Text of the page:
This VERY RARE DVD "Ballfield to Battlefield and Back, From FDR to JFK" Filmed in COLOR and personally narrated by George Case (6 time American League stolen base champion, (4) time American League All Star) and Mickey Vernon. (2 time American League batting champion and (7) time American League All Star.). The DVD also features more than 40 future Hall of Famer's and (4) President's of the United States "throwing out the first ball" in Washington DC.
Don’t Mess with Hoy
Early September 1889. Washington is once again a tail-ender. The Cleveland League team is in Washington under their manager, Tom Loftus, to play the Senators. The Spiders win their third straight game, 9 to 6. George Keefe’s effort in the box is called “wretched.”
The batteries were Keefe, George Haddock and Connie Mack, and Henry Gruber and Chief Zimmer. George Haddock played right field in Ed Beecher’s absence. Tom Daly played first for John Carney, who is still troubled by a lame knee. In the first inning he allows two runs to score and then in the fourth inning he walks in three men. George Haddock takes his place and is effective until the ninth inning when he allows three runs to score. Haddock and Keefe each both walk four batters. Washington plays a good game in the field but is unable to figure out Henry Gruber. Cub Stricker tires to pull the hidden ball trick on Dummy Hoy. Hoy knocked the ball out of his hand and stole a base. There was a great kick but Umpire Knight refused to send him back. Ed Beecher is out, his son is ill.
The Hoy – Stricker Play. In the seventh, with John Irwin out, Dummy Hoy reached first on balls and went to second on a passed ball. The occurred a bit of “funny business” that but few people understand. There was a short wait, the ball being held at second. All of a sudden Hoy was off like a shot for third, which he reached safely, while half of the Cleveland team charged upon Umpire Knight with their mouths open and making noise, Jay Faatz leading. They talked for five minutes, telling the umpire in the loudest style that Hoy had slapped the ball out of Cub Stricker’s hand. Mr. Knight “couldn’t see it” and waved him back. Hoy, meanwhile, was sitting on third and telling Patsy Tebeau, by motions, how it happened. For a wonder Tebeau did not enter the talking match at the plate, which was ended at last by Faatz taking a drink of water and going back to his bag. Walter Wilmot hit a bounder to Faatz after several vicious fouls, and Hoy was run down between third and home, Wilmot taking second; Arthur Irwin flied to Larry Twitchell ending the inning.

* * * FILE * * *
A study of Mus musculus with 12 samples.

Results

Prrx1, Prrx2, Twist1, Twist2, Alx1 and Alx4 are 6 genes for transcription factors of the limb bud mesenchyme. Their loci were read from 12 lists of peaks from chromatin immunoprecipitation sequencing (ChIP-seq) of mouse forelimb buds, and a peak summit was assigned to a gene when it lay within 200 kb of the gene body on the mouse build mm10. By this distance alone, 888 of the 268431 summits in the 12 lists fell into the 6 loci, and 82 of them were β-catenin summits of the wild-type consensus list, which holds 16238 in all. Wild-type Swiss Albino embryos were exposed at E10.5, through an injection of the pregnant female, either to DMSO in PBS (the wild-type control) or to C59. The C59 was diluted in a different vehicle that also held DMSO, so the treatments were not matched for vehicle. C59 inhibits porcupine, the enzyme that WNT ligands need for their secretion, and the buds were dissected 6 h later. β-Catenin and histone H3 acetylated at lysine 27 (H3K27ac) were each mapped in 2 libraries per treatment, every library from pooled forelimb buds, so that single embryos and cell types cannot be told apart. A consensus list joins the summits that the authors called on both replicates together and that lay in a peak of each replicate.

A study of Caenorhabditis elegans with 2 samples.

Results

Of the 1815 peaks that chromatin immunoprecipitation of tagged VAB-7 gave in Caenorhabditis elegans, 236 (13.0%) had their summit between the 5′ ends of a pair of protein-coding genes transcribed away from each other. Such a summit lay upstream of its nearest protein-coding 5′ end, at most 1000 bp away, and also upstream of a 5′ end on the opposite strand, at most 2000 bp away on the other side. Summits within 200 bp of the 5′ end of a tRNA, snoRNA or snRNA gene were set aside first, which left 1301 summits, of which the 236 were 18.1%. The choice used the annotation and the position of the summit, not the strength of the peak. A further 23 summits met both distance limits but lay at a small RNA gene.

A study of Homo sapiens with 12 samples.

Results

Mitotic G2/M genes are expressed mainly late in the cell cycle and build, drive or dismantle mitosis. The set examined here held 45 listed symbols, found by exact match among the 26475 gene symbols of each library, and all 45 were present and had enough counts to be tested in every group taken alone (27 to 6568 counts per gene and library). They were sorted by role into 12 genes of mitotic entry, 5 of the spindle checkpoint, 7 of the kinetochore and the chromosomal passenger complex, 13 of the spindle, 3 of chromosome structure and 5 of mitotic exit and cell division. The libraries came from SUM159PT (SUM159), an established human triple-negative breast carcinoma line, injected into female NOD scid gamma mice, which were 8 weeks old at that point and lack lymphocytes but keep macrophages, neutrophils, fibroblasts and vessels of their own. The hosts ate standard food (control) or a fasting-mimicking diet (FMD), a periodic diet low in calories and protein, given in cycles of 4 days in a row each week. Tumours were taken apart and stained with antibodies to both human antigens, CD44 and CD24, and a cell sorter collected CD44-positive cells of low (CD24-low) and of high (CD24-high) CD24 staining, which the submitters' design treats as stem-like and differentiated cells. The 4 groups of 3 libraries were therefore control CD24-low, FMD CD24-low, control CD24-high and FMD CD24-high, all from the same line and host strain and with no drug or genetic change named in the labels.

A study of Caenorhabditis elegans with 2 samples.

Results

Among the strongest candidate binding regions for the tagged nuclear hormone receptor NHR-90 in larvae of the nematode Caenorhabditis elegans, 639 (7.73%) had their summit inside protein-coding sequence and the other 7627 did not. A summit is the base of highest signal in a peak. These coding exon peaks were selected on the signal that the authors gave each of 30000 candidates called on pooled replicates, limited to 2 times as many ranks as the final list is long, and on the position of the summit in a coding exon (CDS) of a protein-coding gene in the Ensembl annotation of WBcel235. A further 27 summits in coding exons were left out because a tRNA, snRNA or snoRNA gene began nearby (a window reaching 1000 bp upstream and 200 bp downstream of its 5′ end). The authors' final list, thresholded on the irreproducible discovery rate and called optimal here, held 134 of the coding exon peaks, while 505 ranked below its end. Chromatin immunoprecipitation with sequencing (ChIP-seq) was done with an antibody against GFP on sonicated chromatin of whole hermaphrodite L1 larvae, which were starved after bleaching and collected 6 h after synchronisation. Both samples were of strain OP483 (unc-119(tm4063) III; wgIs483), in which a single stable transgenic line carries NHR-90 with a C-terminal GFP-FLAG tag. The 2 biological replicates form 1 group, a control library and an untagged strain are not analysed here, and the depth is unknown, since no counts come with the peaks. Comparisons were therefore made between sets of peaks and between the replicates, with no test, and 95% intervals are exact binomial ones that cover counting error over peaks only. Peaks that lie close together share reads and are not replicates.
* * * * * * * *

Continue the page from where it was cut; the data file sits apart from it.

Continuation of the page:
Later it turns out that Stricker had hid the ball thinking to catch Hoy napping, but the mute was up to his little game and seized an opportunity to juggle it out of his hands and run. It takes a mighty smart man to fool Hoy. While Jay Faatz, Ed McKean, Henry Gruber and Chief Zimmer were jawing at the umpire about the play; Captain Irwin quietly distracted Umpire Knight’s attention and showed him the interesting tableau on third. Hoy was squatting on the bag grinning like a Cheshire cat and showing Tebeau how the thing was done. This kept the umpire in good humor and possibly saved Faatz from a good solid fine for his imprudence.
Trivia, Loftus would one day manage in Washington. Cub Stricker and Larry Twitchell would both play for Washington, as would another Spider, Sy Sutcliffe.